How Can Jogging with Your Dog Help You Combat Anxiety?
Anxiety affects 40 million adults in the U.S., making it one of the most common mental conditions in the nation. Anxiety occurs when people face intense fear or have several physical and psychological responses that interfere with their daily life. If you have a dog, then know that you are already doing a great thing for yourself, since study after study has shown that pets lower stress levels. You can boost this benefit further by going for a jog with Fido, provided your vet says it is ok. Jogging isn’t right for all dogs; they should be healthy, energetic, and young enough for intense exercise, as older dogs can have joint or heart issues. If you let your dog run off-leash, make sure they're wearing a Fitbark GPS tracker so you always know where they are.
A study by researchers at Brigham Young University has shown that running mitigates the negative effects that chronic anxiety has on the hippocampus — the part of the brain responsible for learning and memory. Another study by University of Colorado researchers found that even when animals (in this case, lab mice) are ‘forced’ to exercise, they show significant drops in anxiety and depression. The findings indicate that dogs that are anxious or high-energy can benefit greatly from exercise. Regular jogs with your dog will also help keep them lean, trim, and heart-healthy. It's also a good way to expend your dog's energy, which builds up over the course of the day and needs to be put to good use for optimal sleep.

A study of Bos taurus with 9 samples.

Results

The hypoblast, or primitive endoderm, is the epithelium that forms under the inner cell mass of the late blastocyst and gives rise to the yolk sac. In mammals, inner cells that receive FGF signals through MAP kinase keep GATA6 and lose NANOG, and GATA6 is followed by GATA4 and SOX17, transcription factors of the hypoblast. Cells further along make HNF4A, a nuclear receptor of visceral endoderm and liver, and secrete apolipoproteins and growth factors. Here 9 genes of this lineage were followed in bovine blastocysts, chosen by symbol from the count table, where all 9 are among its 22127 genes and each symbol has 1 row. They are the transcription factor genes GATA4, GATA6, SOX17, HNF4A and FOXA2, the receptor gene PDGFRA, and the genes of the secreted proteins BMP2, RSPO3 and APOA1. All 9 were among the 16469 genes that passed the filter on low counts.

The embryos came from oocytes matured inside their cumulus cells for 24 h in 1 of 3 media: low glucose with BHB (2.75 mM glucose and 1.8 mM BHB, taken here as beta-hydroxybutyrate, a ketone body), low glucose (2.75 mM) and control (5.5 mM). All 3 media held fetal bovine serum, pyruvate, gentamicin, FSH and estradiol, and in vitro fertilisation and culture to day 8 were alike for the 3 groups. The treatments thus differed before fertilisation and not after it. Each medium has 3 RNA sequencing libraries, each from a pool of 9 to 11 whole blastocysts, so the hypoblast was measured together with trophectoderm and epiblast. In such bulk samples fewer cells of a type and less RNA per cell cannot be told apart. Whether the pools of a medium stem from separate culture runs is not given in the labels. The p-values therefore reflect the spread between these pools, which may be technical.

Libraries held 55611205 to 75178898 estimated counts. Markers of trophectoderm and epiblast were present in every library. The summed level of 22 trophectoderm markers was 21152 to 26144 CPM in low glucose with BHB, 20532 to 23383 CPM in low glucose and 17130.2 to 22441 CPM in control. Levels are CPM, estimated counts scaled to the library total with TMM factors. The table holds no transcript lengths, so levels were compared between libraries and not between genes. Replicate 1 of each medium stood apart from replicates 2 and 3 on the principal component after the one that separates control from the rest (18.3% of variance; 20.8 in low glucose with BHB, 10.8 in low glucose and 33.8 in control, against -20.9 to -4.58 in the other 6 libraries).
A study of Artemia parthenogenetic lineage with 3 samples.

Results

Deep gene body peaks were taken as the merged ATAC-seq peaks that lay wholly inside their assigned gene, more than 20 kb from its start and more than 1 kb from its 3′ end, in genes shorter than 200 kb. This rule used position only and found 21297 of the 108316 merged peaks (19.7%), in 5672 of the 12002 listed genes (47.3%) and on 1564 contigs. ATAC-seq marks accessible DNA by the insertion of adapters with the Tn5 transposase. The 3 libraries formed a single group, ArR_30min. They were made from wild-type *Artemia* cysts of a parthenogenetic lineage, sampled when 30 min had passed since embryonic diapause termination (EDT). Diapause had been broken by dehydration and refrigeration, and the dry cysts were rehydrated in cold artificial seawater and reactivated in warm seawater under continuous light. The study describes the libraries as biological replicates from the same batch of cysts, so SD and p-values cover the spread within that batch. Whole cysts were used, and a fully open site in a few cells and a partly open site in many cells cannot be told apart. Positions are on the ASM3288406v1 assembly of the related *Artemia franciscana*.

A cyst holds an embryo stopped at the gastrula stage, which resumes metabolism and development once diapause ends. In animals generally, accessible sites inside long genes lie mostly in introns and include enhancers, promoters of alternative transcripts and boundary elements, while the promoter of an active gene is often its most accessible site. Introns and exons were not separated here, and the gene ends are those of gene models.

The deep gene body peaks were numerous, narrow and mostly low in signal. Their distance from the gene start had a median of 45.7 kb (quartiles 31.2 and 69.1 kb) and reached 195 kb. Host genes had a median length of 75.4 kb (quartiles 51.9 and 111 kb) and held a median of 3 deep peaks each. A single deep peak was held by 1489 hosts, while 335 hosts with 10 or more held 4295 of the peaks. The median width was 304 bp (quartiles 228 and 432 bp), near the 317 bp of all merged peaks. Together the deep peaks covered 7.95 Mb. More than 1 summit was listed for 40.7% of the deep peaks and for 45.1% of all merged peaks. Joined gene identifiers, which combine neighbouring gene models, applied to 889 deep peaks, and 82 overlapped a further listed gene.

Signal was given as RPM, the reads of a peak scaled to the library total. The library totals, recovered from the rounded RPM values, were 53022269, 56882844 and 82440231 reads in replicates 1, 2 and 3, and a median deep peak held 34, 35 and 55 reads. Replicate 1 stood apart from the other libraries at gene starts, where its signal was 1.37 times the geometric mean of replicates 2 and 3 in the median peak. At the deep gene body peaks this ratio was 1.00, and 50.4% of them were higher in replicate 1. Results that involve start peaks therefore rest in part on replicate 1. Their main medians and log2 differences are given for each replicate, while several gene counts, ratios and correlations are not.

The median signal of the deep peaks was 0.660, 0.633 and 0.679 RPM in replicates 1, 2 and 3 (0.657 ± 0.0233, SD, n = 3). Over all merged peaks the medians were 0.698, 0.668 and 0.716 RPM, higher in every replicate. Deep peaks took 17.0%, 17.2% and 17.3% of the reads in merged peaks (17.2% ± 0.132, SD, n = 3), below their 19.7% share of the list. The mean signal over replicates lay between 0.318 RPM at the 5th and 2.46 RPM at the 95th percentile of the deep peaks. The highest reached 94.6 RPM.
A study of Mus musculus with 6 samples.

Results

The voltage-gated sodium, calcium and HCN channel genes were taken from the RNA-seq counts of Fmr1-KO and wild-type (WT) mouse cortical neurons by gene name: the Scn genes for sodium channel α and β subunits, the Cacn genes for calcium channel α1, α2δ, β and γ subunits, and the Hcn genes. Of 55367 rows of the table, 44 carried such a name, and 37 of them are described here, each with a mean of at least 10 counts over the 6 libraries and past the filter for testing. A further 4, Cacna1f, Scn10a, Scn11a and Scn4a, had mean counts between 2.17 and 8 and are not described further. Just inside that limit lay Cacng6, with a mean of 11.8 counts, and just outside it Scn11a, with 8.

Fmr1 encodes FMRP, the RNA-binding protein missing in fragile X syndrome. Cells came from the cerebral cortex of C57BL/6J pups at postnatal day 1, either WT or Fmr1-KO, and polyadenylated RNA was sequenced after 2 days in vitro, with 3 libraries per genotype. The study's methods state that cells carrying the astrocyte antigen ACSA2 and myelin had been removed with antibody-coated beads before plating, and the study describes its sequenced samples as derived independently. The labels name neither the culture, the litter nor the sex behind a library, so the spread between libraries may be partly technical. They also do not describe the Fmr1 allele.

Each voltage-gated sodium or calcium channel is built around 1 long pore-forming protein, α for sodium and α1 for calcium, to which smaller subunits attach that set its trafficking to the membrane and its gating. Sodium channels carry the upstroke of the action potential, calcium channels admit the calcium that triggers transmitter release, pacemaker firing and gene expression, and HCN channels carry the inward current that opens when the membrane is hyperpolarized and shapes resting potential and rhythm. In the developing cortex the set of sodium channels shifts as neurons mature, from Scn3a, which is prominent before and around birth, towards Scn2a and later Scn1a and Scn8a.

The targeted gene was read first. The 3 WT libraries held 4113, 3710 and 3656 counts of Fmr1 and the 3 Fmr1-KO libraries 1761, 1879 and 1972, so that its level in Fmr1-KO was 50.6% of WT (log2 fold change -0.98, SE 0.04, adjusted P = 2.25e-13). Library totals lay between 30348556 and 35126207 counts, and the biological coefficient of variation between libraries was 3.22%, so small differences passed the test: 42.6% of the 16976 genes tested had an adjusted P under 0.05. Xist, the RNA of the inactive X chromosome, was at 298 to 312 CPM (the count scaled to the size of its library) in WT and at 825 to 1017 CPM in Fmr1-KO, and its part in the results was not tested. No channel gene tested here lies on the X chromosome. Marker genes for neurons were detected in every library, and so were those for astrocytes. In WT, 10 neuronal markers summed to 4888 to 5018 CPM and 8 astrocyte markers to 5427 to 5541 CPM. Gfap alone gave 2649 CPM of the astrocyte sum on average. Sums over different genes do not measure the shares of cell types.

Take It Slowly
If your dog is not accustomed to jogging, it is important to start with a brisk walk. As the days go by and you notice your dog isn’t panting heavily or looking tired, try jogging for a few seconds, going back to a fast walking pace intermittently. Slowly increase the amount of time you spend running until your dog is ready for a longer jog. A University of Missouri-Columbia study shows that high-intensity exercise is the best way to reduce anxiety. Therefore, you may find that you are more exhausted immediately after your workout yet more relaxed in the long-term, once you have picked up the pace. To free up your hands, you might consider using a hands-free leash. These fit around your waist, leaving your hands free while you are running.
What to Take
Make sure you bring enough water for yourself and your dog when you are running. If you have anxiety, then you should definitely aim to jog in a natural area. Studies have shown that just 10 minutes spent in natural areas can significantly lower stress levels and your dog will also love sniffing the grass, playing fetch, and rolling in leaves while on a break. Because you may spend time at the park, make sure your dog is well hydrated. As the warmer months approach, plan your jog strategically, avoiding peak hours of sun so your dog’s paws and skin don’t suffer.
If you have anxiety and you are looking for natural ways to reduce it, jogging is a great activity to choose, since it is considered a high-impact sport. If your dog is healthy and energetic, he will make a good running companion, but ensure you pick up the pace slowly but surely so he doesn’t get over-tired. To boost the calming effects of exercise, take it outdoors and try to spend at least 10 minutes in a park, forest, or seaside area so you can enjoy the present moment, watching your dog at play.